Andreas Hagenbuch’s Land in Northampton County, PA
After Andreas Hagenbuch (b. 1715, d. 1785) arrived in Philadelphia, Pennsylvania in 1737, he went in search of suitable land to farm and live upon. Between 1738 and 1766, Andreas acquired around 178 acres of property in Albany Township, Berks County, Pennsylvania and established the family homestead there.
- Read about the founding of the Hagenbuch homestead.
- See how the homestead was expanded by Andreas Hagenbuch and his descendants.
Yet, Andreas Hagenbuch’s landholdings were not limited to Berks County. Research has shown that he also bought 155 acres in present-day East Allen Township, Northampton County, Pennsylvania. Unlike the homestead property, which was acquired through a land patent from the Province of Pennsylvania, the 155 acre parcel was purchased from a private landowner, Thomas Craig, on June 28, 1773.
Further investigation shows that the 155 acre tract was cut from a larger one of 500 acres. Craig purchased this from Casper Wister on March 28, 1738, and Wister received the land through a patent from the Province of Pennsylvania.
The Craigs were a prominent family in Northampton County during the 1700s. Thomas Craig (b. 1695, d. 1779) founded Craig’s Settlement, also called the Irish Settlement, near what is today Weaversville, PA. This was centered around a Presbyterian church, whose cemetery still remains as Horner’s Cemetery. The 155 acres Andreas purchased was located in proximity to the cemetery.
In 1773, Andreas Hagenbuch was 58 years old and Thomas was 78. It is unknown how the two men knew each other. Thomas was well-known in the region and served as Justice of the Peace in Northampton County. The men may have had mutual political interests or business dealings.
It is also not known why Andreas purchased the property, which is nearly 27 miles from the Hagenbuch homestead. He didn’t relocate his family to the new acquisition and instead chose to remain in Berks County.
One clue, however, comes from the family member who lived closest to the property—Henry Hagenbuch (b. 1737, d. 1803). Henry was Andreas’s eldest son, and in 1771 he received a deed for a lot in present-day Allentown, Pennsylvania. Allentown is less than 10 miles from Andreas’s 155 acre parcel.
Henry was an innkeeper and ran the Cross Keys Tavern. The business would have required a reliable, cost-effective supplier of liquor. It is known that Andreas already ran a distillery in Berks County, so it stands to reason that he may have purchased the land in order to build a second distillery. As will be explained shortly, there is additional evidence to support this theory.
Shortly after purchasing the 155 acres, on August 10, 1773 Andreas sold one acre to a widow, Elizabeth (Wilson) Craig. Research shows that her husband was likely William Craig (b. 1715, d. 1772). William was the son of Thomas Craig (b. 1695). He served as the sheriff of Northampton County and as a captain in the Pennsylvania provincial militia under Major William Parsons during the French and Indian War.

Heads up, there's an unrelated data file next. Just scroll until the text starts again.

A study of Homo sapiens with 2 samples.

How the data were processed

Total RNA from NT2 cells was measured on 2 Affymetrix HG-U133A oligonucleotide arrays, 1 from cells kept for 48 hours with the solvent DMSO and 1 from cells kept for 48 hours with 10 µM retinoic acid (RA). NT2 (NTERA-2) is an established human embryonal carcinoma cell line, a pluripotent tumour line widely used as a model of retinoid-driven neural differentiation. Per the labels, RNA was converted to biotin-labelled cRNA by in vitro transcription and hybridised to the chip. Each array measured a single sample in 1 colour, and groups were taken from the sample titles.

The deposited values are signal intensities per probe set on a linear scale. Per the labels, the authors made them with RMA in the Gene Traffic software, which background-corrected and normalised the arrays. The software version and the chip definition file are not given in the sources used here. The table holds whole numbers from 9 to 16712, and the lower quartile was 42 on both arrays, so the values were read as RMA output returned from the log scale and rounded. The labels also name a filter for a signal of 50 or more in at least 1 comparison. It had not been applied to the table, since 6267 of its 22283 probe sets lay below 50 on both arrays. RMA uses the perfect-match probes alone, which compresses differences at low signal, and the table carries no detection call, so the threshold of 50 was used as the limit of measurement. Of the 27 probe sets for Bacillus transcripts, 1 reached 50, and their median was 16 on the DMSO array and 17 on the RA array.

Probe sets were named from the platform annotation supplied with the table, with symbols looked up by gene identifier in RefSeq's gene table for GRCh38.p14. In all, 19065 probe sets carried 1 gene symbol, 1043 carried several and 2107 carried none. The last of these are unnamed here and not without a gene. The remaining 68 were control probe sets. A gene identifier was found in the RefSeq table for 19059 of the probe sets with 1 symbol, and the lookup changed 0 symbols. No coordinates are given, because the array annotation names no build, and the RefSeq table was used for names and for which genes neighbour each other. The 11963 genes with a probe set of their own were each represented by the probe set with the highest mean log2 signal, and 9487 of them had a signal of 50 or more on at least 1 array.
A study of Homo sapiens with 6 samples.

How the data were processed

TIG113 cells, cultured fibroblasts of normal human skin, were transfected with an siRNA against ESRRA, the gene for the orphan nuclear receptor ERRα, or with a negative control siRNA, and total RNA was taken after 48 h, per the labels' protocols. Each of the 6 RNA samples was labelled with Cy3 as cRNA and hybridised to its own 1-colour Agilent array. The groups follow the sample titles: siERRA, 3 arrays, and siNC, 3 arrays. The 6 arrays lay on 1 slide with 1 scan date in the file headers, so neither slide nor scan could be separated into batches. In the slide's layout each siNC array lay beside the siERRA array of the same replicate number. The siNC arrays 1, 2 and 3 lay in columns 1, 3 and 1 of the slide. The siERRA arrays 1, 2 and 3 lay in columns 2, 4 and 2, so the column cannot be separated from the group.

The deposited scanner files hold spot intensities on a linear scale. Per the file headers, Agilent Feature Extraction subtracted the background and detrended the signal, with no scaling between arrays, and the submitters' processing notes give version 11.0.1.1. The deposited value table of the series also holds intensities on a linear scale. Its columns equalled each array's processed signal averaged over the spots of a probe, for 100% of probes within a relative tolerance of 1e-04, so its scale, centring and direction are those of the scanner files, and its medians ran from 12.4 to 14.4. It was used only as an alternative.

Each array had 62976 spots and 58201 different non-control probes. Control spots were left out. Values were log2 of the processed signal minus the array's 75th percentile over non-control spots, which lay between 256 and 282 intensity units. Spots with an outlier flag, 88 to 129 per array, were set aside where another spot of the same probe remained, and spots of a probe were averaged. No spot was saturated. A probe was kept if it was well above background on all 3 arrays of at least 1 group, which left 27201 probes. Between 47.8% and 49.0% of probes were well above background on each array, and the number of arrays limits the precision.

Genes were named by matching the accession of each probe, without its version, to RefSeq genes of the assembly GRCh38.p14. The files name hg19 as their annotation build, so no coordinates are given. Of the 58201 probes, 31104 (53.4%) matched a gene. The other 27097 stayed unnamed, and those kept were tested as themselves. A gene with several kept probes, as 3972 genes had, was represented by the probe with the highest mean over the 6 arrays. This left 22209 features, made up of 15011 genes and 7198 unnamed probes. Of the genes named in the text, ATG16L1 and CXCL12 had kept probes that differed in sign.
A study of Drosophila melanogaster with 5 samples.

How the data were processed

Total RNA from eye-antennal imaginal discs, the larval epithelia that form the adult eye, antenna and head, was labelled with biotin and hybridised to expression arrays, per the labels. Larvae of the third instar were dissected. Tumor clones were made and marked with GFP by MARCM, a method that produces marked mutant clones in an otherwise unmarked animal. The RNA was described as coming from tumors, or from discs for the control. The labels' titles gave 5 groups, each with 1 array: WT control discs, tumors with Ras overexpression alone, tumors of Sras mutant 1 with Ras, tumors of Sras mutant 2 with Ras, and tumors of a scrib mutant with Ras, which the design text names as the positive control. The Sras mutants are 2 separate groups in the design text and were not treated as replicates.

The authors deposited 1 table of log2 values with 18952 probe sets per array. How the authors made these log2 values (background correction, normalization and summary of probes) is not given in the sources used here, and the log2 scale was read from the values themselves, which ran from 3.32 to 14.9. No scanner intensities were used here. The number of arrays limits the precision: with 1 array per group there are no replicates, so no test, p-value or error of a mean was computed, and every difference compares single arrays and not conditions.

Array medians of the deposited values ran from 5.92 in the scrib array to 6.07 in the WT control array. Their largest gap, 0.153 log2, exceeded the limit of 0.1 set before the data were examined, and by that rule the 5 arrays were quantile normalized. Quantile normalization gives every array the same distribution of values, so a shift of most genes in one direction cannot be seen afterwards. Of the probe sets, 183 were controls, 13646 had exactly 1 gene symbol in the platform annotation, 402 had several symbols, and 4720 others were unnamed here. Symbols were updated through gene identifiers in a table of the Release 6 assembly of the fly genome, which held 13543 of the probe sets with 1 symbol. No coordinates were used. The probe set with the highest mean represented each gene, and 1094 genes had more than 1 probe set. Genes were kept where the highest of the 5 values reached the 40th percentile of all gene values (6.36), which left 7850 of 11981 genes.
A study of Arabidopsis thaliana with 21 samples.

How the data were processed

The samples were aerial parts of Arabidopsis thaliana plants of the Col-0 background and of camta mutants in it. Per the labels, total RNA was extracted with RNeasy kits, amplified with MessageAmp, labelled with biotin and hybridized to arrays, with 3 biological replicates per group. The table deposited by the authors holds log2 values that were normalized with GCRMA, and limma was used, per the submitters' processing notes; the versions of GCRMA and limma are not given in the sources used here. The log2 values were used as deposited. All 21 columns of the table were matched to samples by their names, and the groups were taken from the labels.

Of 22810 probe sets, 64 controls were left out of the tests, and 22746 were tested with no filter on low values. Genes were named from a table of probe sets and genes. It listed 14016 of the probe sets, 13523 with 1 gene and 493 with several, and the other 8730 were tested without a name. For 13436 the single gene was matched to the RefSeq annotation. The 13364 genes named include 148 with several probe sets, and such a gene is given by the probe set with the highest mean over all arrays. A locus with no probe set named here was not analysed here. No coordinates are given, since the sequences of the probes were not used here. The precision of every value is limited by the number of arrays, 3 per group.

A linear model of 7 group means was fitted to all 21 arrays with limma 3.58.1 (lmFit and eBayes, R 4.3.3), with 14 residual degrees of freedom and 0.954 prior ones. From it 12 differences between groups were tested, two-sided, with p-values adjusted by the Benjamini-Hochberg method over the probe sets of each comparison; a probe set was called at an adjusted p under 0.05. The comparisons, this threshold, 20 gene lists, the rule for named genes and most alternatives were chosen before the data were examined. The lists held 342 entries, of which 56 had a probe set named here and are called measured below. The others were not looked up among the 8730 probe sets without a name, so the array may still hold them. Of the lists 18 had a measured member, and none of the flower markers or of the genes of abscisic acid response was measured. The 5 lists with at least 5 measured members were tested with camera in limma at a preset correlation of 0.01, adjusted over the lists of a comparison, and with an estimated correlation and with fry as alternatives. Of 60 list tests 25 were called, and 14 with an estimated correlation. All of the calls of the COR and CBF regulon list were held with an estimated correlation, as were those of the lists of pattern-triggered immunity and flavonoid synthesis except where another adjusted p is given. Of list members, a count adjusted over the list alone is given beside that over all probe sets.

Interestingly, William Allen (b. 1704 d. 1780) also sold one acre to Elizabeth around the same time. Allen was the founder of Allentown and held property that abutted Andreas’s parcel. These land sales to Elizabeth may have been a form of aid in response to the death of her husband.
Andreas Hagenbuch held onto his remaining 154 acres in Northampton County until 1782, when he began subdividing and selling it. On July 26, 1782 he sold 149 acres to his son Christian (b. 1747, d. 1812) and on July 6, 1783 he sold five acres (some sources say six) to his youngest son John (b. 1763, d. 1846).
Christian Hagenbuch would go on to build a stone house on the property in 1783. Tax records also reveal that he ran a distillery there and had been on the land as early as 1781. These two pieces of evidence lend additional support to the theory that Andreas, along with the help of his sons, ran a distillery in Northampton County that may have supplied the Cross Keys Tavern 10 miles to the south.
On the other hand, John Hagenbuch does not appear to have developed his five acre parcel. On July 22, 1805 he sold it to his older brother Christian. Also around this time, John left Northampton County and relocated to Columbia County, Pennsylvania.
- Examine Christian Hagenbuch’s service during the Revolutionary War.
- Learn about John Hagenbuch and how he ran away from his apprenticeship.
- Read how John served in the Revolutionary War.
Andreas Hagenbuch’s purchase of 155 acres of land in East Allen Township, Northampton County may have been purely land speculation, which ultimately benefited his sons Christian and John. Nevertheless, its connections to the Craig family and the Cross Keys Tavern, run by Henry Hagenbuch, cannot be ignored.
Further adding to this is the fact that a great grandson of Thomas Craig and a great granddaughter of Andreas Hagenbuch were eventually married. The great grandson was Thomas Craig, Jr. (b. 1796, d. 1858). Thomas’s line is Thomas Craig, Jr. (b. 1796) < Thomas Craig, Sr. (b. 1739, served as a general in the Revolutionary War) < William (b. 1715) < Thomas (b. 1695). The great granddaughter was Catherine Hagenbuch (b. 1803, d. 1872). Her line is Catherine (b. 1803) < John (b. 1776) < Henry (b. 1736) < Andreas (b. 1715).
Such intertwining lines suggest that the Craigs and the Hagenbuchs maintained a close relationship in Northampton County. Andreas Hagenbuch’s purchase of 155 acres of land from Thomas Craig may have been one of many dealings between these families.
Future articles will continue to explore Andreas’s landholding in Northampton County, as well as the connections between the Craig and Hagenbuch families.
Mark, Now I am curious as to whether the Craig families that lived near us were any kin to these Craigs? Although I believe that Craig is a rather common Scots and Irish surname.
Yes, very common name, but certainly possible that they were related.